Wednesday, June 11, 2008

Leaving our words behind

I have no idea what a treasure trove I'm living with.

Prompted by Mr. Verb's post today I just asked Buffy as she walked past me: You know that game kids play where you walk around a circle patting people on the head... Here she interrupted me: Yeah. Duck Duck Grey-duck... Why?

I was so sure she wouldn't say that. And she had no idea why my eyes grew big and my jaw dropped. She remembers hearing about duck-duck-goose but she was shocked to learn that the grey duck variation is largely a Minnesota thing.

I say the study of children's terminology is especially interesting because those are often lexical items that are learned from other children. Adults often leave their first nest but they don't spread the terms too quickly because you don't often find a bunch of adults sitting around playing duck-duck-anything. And those that do probably don't have much influence over children.

So we use our childhood argot then leave it behind as we pick up our new lingo acquired at a different time in a different place.

For this to be true we need to grant that kids learn language from kids. Makes sense. I never heard my parents call the woodlouse a potato bug. But that's what I learned as a child splitting time between Worthington Ohio and Beltsville Maryland. A few years ago that I saw an episode of Fear Factor refer to the Jerusalem cricket as a potato bug and my childhood died a little. Mostly from watching that horrible show.

Do we have a language full of lexical items abandoned on the playground waiting for the next pair of grubby little hands to pick them up?


  1. Absolutely we do. We (the greater we) also have a collection of childhood songs that were taught to us by slightly older children. ("The ants go marching two by two, hurrah, hurrah ...") Adults "know" these songs, but only passively any more; they are a part of a stratum of development that children go through. ("Through" in a sort of literal sense.)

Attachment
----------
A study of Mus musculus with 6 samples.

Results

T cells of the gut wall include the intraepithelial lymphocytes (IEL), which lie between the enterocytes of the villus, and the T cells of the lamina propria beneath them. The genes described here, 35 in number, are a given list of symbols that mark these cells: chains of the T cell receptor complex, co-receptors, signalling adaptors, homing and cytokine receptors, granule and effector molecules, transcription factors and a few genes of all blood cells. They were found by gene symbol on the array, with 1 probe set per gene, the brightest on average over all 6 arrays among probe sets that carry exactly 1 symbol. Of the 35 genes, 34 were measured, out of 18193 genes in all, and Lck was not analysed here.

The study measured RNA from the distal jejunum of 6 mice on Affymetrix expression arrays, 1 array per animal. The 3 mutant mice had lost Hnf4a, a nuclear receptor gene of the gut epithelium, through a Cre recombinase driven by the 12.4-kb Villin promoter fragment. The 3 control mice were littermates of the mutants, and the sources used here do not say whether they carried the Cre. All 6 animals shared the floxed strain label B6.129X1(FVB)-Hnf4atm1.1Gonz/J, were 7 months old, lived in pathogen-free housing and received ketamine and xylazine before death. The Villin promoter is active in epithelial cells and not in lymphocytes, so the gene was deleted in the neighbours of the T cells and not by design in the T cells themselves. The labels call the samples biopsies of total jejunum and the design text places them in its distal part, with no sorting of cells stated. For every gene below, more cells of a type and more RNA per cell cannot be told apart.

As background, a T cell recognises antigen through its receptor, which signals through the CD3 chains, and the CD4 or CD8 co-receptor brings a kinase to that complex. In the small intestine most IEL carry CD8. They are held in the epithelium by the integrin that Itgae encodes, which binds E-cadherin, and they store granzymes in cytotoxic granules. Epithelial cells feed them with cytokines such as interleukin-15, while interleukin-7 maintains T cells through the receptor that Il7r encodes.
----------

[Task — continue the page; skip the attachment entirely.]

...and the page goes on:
Children do learn a lot of their language from others kids, which is why the children of immigrants can always speak "accent free" in the language of their new home. And that of course explains the incomprehensible argot of e.g. teens, which of course they did not learn from their elders.

    To expand a bit on this (with your leave), Judith Rich Harris wrote a book titled "The Nurture Assumption," the thesis of which is that far and away the strongest influence on children is that of their peers. We assume way too much influence from parents, is what she opines.

  2. Absolutely. I'm glad you touched on this topic. I've often thought about this issue with childhood jokes. It seems that some jokes live only within the walls of an elementary school. One learns a joke in the 5th grade from a schoolmate, abandons it before moving to the 6th, and never hears the joke again until they have the experience of talking to a new 5th grader. These jokes circulate in the same spot forever. Now perhaps this is because 5th grade humor will only take a person so far, but I think it's more interesting than that. As you said, kids acquire a new lingo and leave the old one behind for another round of kids to pick up.


Thanks for reaching out.

You can also contact me at wishydig[at]gmail[d0t]com.